The CEO of Western Sydney Airport provides an update on plans for terminals as they promise it to be “the people’s airport.”
The construction of the Western Sydney International (Nancy-Bird Walton) Airport in Badgerys Creek has just passed the halfway point as they aim to provide a “seamless and reliable” experience for an estimated 10 million passengers when they open terminals in 2026.
“This terminal will be Australia’s newest and most exciting airport experience, offering a smooth, seamless connection from Sydney to the world,” the CEO of Western Sydney Airport, Simon Hickey, told local news media.
“We have a once-in-a-generation opportunity to build an airport from the ground up with consideration for emerging technologies and sustainability at the forefront,”
Mr. Hickey has credited the opinions of thousands of Australians, selected as part of the Western Sydney International Panel for influencing the designs and layouts of terminals, in hopes of satisfying passengers’ current demands from their airport experience.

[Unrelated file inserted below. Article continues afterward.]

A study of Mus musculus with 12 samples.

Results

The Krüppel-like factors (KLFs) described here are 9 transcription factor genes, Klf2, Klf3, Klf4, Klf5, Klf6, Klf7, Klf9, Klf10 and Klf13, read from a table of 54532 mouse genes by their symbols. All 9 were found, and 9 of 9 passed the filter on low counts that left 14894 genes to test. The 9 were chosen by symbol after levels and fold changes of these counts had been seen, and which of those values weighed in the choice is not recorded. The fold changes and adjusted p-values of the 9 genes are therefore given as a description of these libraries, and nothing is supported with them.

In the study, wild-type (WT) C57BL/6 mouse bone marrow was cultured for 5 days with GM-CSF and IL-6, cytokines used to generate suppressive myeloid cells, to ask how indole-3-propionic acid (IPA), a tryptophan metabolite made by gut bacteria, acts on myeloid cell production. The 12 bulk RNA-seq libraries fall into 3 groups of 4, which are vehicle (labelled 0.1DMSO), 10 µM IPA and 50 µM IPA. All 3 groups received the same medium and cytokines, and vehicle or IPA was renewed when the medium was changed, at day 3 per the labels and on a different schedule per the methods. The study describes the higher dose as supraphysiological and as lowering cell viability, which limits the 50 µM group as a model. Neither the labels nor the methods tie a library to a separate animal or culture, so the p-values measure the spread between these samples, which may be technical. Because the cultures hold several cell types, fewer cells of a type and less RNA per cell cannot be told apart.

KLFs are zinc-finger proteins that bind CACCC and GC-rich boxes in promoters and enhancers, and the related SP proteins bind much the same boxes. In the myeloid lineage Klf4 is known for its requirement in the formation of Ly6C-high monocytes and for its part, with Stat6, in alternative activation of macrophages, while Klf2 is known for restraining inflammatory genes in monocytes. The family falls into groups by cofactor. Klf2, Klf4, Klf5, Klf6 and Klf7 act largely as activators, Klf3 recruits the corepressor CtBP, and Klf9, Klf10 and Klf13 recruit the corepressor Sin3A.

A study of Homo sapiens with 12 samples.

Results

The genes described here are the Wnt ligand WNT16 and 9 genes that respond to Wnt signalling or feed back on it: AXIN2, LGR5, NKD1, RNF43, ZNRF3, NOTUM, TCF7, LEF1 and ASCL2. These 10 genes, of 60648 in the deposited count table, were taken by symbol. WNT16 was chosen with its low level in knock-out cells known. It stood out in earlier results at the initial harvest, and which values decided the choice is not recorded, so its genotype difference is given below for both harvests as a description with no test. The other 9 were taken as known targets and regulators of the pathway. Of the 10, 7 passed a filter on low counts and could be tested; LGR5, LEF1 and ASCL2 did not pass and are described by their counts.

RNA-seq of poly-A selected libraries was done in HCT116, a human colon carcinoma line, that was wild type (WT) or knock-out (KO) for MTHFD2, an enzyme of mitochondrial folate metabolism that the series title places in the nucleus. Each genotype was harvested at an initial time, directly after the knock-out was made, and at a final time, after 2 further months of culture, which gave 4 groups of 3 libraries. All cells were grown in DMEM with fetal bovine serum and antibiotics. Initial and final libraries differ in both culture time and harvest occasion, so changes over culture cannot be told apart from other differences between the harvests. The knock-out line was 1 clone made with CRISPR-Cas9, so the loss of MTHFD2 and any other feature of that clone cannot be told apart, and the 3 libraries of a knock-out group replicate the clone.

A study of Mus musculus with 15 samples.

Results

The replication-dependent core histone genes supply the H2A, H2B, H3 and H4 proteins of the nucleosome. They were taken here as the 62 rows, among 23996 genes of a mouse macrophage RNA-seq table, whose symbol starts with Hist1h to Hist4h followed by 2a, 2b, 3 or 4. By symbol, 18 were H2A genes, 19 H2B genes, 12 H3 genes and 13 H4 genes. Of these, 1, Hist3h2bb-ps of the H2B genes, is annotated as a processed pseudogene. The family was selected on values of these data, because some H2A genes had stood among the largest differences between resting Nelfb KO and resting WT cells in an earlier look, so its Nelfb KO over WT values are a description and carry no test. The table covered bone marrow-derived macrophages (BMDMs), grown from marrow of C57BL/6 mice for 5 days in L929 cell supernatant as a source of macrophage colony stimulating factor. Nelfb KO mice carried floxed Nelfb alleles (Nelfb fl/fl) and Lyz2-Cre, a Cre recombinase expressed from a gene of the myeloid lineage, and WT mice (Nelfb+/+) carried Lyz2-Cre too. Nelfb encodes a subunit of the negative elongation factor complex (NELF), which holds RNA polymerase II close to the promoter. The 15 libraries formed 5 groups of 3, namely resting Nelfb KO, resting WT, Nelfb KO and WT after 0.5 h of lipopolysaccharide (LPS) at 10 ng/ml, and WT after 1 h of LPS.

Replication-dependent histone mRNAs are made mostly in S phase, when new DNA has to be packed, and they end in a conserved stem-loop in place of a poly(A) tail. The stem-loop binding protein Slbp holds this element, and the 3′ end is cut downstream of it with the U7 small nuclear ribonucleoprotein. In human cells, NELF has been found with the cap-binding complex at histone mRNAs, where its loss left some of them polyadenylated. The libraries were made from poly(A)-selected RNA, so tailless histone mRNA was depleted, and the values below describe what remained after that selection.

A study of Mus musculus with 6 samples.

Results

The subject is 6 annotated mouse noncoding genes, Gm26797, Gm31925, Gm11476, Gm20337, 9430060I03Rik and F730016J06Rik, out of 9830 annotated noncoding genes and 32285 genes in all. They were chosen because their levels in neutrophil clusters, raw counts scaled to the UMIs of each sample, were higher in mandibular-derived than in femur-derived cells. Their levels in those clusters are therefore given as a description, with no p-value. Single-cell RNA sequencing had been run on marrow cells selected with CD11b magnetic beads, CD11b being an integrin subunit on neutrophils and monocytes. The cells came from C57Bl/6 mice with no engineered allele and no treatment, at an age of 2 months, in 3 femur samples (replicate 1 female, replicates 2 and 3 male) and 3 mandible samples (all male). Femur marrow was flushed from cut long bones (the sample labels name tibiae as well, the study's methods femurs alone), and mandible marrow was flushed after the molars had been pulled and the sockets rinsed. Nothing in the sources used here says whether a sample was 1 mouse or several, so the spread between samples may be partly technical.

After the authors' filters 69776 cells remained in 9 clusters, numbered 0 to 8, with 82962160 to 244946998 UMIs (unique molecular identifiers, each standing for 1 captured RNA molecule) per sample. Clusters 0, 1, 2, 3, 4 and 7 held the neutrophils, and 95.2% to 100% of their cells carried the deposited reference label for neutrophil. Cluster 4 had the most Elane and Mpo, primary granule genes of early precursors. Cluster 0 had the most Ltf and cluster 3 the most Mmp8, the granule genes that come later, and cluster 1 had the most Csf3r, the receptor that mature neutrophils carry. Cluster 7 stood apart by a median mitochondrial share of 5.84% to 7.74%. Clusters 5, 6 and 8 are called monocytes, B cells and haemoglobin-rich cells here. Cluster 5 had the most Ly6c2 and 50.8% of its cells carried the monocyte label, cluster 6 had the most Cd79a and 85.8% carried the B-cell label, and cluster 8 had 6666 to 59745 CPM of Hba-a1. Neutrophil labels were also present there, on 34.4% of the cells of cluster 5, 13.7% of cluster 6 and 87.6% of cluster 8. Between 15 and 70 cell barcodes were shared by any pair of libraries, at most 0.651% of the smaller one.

“This will be the people’s airport, designed from the ground up for our customers and with our customers,” Mr. Hickey said.
“Western Sydney International (Nancy-Bird Walton) Airport will set a new benchmark for what Australians will expect when they fly and the input from the WSI Panel members is already helping to bring that to life.”
Why is Sydney Getting a Second Airport?
With Sydney being one of the world’s most popular tourist destinations, the existing Kingsford-Smith Airport (KSA) in Mascot has had to balance operations with being located in the densely populated Inner-South area, with a curfew being in place for night-time flying since 1995.
As covered by Travel Radar, after decades of political limbo and anxiety that infrastructure at KSA would hit maximum capacity by 2030. The plans to build the Western Sydney Airport in the sparsely populated Badgerys Creek were officially given the green light by both Federal and State Governments in 2014 for $5.3 billion.
The airport is planned to operate to a full 24-hour flight schedule and is estimated by the federal government to create more than 28,000 new jobs.